The CRA has just released its Consultation on Proposed Guidance on Arts Organizations and Charitable Registration under the Income Tax Act.
The link is here:
The summary from the consultation draft is:
1. The Canada Revenue Agency’s Charities Directorate administers the Income Tax Act as it applies to registered charities. The Charities Directorate decides whether arts organizations can be registered as charities based on the requirements of the Income Tax Act and on relevant court decisions (common law). The Charities Directorate does not regulate artists, the arts community, or the arts industry.
2. This guidance is an interpretation of the applicable law and clarifies the position and practice of the Charities Directorate on matters related to the eligibility of arts organizations for charitable registration. In particular, this guidance will address:
a.The basis for charitable registration: Arts organizations can be registered when their purposes (sometimes called objects) fall under the following categories, or heads, of charity:[Footnote 1]
i.advancement of education (the second category); and
ii.other purposes beneficial to the community in a way the law regards as charitable (the fourth category), by:
?advancing the public’s appreciation of the arts[Footnote 2]; or
?promoting the commerce or industry of the arts.
b.Public benefit: An organization that wants to be registered as a charity under the Income Tax Act must show that it operates for the public benefit. To satisfy the public benefit requirement, a benefit must be delivered to the public or a sufficient segment of the public.A benefit is presumed to exist for purposes under the second category (advancement of education), absent evidence to the contrary. Fourth category purposes (other purposes beneficial to the community in a way the law regards as charitable) must be shown to deliver a benefit to the public.
c.Specific public benefit requirements under the fourth category: Arts organizations advancing fourth category purposes must establish public benefit by satisfying two criteria: art form and style and artistic merit.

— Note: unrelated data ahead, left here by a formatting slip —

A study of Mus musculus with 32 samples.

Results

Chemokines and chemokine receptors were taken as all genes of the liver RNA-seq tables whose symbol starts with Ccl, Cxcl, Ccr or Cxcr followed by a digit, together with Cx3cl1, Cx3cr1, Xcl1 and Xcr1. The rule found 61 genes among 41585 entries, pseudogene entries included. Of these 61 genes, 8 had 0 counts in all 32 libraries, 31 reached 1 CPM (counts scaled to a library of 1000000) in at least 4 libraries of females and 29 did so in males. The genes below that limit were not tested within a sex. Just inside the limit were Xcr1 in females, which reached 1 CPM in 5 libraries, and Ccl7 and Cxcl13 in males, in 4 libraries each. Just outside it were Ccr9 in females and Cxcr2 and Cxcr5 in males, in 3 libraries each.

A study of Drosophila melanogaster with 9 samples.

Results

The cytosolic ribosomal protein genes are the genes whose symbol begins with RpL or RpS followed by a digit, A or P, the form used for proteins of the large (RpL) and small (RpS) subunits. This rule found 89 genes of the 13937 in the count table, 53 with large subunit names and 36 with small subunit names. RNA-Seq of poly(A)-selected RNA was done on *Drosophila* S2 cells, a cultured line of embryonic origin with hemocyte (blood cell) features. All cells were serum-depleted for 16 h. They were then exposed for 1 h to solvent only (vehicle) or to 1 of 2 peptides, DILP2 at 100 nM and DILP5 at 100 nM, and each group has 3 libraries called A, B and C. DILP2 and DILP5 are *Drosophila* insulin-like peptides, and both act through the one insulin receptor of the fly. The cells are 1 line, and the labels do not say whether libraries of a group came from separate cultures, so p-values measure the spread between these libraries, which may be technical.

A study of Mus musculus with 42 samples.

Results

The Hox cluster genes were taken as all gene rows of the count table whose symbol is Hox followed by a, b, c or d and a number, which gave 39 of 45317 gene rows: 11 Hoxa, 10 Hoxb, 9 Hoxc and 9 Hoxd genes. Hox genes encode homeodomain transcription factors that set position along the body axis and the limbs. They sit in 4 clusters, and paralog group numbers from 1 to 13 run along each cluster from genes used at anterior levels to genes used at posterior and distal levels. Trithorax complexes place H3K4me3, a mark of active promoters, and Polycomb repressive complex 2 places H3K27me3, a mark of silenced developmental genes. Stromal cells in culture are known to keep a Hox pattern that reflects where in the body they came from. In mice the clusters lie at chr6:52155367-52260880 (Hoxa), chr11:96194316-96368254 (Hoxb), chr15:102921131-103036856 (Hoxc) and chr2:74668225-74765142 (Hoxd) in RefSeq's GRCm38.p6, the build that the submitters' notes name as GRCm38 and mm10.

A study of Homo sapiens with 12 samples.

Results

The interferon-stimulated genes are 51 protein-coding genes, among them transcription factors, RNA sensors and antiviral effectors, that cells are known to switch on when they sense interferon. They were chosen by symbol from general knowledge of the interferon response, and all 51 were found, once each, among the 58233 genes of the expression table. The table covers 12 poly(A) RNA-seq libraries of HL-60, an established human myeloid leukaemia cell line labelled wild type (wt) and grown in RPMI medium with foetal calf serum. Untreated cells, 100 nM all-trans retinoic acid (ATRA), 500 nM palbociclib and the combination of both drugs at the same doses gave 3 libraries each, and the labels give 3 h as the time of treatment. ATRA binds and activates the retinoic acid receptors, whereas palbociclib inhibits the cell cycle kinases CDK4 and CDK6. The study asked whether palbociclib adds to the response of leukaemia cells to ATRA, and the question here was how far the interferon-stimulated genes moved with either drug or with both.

i.Art form and style: In this guidance, art form refers to the field or medium in which an artist works, while style refers to the different disciplines or methods of expression within each art form. To meet the art form and style criterion, an arts organization must show a common or widespread acceptance of the form and style of art within the Canadian arts community.
ii.Artistic merit: In this guidance, artistic merit refers to the quality of an artistic exhibition, presentation, or performance. Once an arts organization has established acceptance of an art form and style, it must be able to show that the quality of its exhibitions, presentations, or performances is sufficiently high to be considered charitable under common law.
d.Private benefit: Arts organizations that provide unacceptable private benefits are ineligible for registration under the Income Tax Act. As a general rule, an unacceptable private benefit is one that is not incidental to the achievement of a charitable purpose. A private benefit will usually be incidental where it is necessary, reasonable, and not disproportionate to the public benefit achieved.
3. Appendix A provides a summary of the key characteristics of the main charitable purpose categories described in this guidance.
4. Appendix B gives examples of purposes that may be acceptable for registration under the categories of charity described in this guidance.
5. Appendix C contains a list of art forms and styles that are commonly recognized and will usually be accepted without requiring the submission of more information.
Do you require legal advice with respect to Canadian or Ontario non-profits or charities?
Mark Blumberg is a partner at the law firm of Blumberg Segal LLP in Toronto and works almost exclusively in the areas of non-profit and charity law.